FOR MILLENNIA, some of the Southwest’s most mineral-rich geothermal waters have bubbled out of northern New Mexico’s lush Río Ojo Caliente Valley. Known to Tewa-speaking Pueblo people as Posipopi (the Green Springs), the place sacred to many Indigenous peoples was later named Ojo Caliente (Hot Spring) by the Spanish.

These arsenic, lithia, soda, and iron hot springs mark the spot of one of the oldest health resorts in the country. While visitors from around the world have come to know Ojo Caliente’s waters as fonts of healing and restoration, the resort also boasts a lesser-known source of nourishment with its on-site farm and restaurant.

Unlike the upscale spa, Ojo Farm’s 1.5 acres of organic vegetables, fruits, and flowers are not perfectly manicured. They are, however, carefully considered. Water-efficient cover crops and wildflowers attract pollinators and enrich the soil. Space-saving tomato-laden trellises practically burst out of high tunnels. Pepper rows zigzag with the terrain, working with the land instead of against it.

This sustainable and symbiotic approach to farming is indicative of a grander ethos at Ojo Caliente.

“I see an elemental relationship happening here,” says head farmer Conor Gilliland. “This place was built around water, the air or atmosphere is protected through our noise policy, the farmers work the earth, and the food we produce is ‘fired’ at the Artesian.”

Ripening cherry tomatoes at Ojo Farm. Photograph courtesy of Ojo Spa Resorts.

The Artesian Restaurant lies just up the road in a historic adobe building that was once the property’s mercantile. The farm’s fresh organic produce is represented in many of the dishes served daily for breakfast, lunch, and dinner. Executive chef Zachary Perron, who heads the food program at both Ojo Caliente and its sister location, Ojo Santa Fe Spa Resort, collaborates with Gilliland to plan seasonal menus and specials at both restaurants based on the bounty of the harvest. “Working here has hammered home some things that I’ve been interested in for a long time as a chef,” says Perron. “What are we giving people to put in their bodies, how are the ingredients produced, and how do we make them sing?”

Recently, some of those ingredients could be found in a velvety and spicy heirloom tomato soup, crunchy poblano fries, and the ever-evolving Ojo Farm Salad, featuring just-harvested field greens, shaved watermelon radishes, sweet salad turnips, toasted piñon, and a cilantro-lime vinaigrette. “You don’t need to do much with this produce to show it off,” says Perron.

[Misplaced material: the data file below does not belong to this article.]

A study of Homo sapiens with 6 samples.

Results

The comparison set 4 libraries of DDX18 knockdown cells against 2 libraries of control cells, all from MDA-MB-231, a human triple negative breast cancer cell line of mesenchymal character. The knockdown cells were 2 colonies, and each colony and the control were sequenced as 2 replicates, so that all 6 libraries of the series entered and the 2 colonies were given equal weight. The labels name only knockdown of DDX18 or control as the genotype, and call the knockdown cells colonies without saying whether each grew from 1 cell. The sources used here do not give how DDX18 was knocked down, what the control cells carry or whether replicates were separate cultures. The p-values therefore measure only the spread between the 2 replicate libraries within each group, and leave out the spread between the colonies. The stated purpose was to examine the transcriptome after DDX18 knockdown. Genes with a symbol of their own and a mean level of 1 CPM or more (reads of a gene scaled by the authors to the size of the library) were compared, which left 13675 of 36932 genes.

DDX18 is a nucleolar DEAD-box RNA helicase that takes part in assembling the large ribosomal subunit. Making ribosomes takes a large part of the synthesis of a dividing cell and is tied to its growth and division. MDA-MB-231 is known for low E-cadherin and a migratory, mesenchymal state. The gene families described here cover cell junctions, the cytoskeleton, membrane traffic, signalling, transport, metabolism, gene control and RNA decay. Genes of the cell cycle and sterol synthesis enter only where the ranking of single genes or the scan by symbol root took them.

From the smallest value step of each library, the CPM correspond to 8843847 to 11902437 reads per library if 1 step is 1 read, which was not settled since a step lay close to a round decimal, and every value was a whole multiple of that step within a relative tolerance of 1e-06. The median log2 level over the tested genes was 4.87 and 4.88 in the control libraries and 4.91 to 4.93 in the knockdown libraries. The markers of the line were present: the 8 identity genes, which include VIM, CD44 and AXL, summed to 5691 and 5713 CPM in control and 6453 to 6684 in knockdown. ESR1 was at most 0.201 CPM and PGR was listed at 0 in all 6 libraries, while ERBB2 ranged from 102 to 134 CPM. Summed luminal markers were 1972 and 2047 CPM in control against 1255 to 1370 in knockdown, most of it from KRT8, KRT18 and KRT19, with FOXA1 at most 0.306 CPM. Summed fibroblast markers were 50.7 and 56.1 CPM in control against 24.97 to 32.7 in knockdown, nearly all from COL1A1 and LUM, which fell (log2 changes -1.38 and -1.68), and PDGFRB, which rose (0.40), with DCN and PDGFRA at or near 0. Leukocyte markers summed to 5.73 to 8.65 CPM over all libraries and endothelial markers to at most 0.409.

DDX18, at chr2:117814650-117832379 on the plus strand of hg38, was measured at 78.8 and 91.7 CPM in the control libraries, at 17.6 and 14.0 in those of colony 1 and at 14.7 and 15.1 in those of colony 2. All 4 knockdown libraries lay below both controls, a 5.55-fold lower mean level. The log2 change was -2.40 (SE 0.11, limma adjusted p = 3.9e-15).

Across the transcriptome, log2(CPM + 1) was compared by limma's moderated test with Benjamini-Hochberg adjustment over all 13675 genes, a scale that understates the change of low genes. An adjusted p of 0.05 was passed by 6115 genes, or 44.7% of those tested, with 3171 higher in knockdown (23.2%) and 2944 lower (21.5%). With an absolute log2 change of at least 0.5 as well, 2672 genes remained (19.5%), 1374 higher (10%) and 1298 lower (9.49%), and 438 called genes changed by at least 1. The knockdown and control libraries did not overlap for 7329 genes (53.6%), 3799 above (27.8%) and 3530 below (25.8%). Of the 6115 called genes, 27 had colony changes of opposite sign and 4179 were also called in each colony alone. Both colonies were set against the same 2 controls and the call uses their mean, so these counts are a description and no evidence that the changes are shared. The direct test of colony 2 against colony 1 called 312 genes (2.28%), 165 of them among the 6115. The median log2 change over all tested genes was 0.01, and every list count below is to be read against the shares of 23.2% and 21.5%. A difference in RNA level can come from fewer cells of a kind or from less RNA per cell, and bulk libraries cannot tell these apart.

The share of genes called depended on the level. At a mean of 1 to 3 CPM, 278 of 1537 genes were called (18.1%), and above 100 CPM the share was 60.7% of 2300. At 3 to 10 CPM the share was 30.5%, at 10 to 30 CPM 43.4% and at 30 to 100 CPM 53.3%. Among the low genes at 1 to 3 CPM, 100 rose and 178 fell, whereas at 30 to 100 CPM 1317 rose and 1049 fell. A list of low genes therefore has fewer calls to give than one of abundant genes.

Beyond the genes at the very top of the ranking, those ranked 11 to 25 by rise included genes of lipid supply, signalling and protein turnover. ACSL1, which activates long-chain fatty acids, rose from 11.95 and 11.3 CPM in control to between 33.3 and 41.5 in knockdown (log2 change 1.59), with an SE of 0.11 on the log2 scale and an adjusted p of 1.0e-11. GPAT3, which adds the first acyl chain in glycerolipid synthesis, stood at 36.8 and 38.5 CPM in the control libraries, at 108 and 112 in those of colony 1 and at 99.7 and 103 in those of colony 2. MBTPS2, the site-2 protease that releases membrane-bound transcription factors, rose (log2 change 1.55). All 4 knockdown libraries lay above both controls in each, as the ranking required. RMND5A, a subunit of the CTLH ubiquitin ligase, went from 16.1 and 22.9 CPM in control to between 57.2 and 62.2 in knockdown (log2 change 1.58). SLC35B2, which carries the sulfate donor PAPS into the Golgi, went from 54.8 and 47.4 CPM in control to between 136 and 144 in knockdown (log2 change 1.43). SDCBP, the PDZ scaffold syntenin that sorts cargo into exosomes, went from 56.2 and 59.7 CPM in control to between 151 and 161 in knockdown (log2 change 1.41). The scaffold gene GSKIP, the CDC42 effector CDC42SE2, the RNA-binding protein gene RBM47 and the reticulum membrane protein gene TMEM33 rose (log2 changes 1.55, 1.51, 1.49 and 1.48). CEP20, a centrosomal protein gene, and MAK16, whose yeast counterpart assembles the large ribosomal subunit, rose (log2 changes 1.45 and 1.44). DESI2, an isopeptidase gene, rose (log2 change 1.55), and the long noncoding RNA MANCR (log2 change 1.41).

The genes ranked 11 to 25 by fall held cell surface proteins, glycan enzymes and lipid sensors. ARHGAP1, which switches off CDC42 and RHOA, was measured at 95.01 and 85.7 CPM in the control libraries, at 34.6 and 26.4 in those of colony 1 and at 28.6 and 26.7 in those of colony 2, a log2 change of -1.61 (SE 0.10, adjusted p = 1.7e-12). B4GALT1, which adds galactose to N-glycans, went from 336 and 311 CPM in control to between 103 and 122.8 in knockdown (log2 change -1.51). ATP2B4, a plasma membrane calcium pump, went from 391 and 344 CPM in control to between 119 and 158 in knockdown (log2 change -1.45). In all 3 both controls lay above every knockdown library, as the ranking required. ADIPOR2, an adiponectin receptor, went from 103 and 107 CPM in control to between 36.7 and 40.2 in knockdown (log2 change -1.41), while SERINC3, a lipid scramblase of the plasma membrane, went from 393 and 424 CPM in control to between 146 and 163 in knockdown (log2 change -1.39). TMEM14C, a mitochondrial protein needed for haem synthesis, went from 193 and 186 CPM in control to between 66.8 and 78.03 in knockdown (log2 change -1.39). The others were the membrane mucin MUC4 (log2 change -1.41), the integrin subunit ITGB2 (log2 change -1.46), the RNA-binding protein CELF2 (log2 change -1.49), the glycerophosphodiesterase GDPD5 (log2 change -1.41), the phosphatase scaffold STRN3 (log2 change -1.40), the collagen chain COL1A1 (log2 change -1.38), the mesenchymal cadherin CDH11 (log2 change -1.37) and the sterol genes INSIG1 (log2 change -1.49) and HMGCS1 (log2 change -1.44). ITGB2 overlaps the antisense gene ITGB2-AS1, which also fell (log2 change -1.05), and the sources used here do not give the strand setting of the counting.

At Ojo Caliente, poblano fries are made extra-crispy with a potato batter. Photograph courtesy of Ojo Spa Resorts.

“The mineral-rich terroir of the area gives an earthy, sometimes smoky, quality to the food grown here,” adds Ojo Caliente’s marketing director, Sarah Sims. In addition to quality produce, both the Artesian and Ojo Santa Fe’s Blue Heron Restaurant strive to offer dishes that provide comfort akin to the other amenities at Ojo spas. “Part of serving our community means growing and making food that is approachable,” says Sims, mentioning menu favorites like the mahi-mahi tacos and chile-doused blue-corn enchiladas. “We want to nourish the mind, body, and soul.”

Another way Ojo Caliente focuses on community and sustainability is by making sure nothing they grow goes to waste. Locals and guests can purchase produce at the spa’s gift shop. Surplus goes to the commissary, where the resort’s staff of 150 employees take home whatever they want, free of charge. Anything left over is distributed to a local food bank.

“We are the largest employer in the area,” says Sims. “Our mission is to help sustain the community, be stewards for the land, and to protect the springs for generations to come.”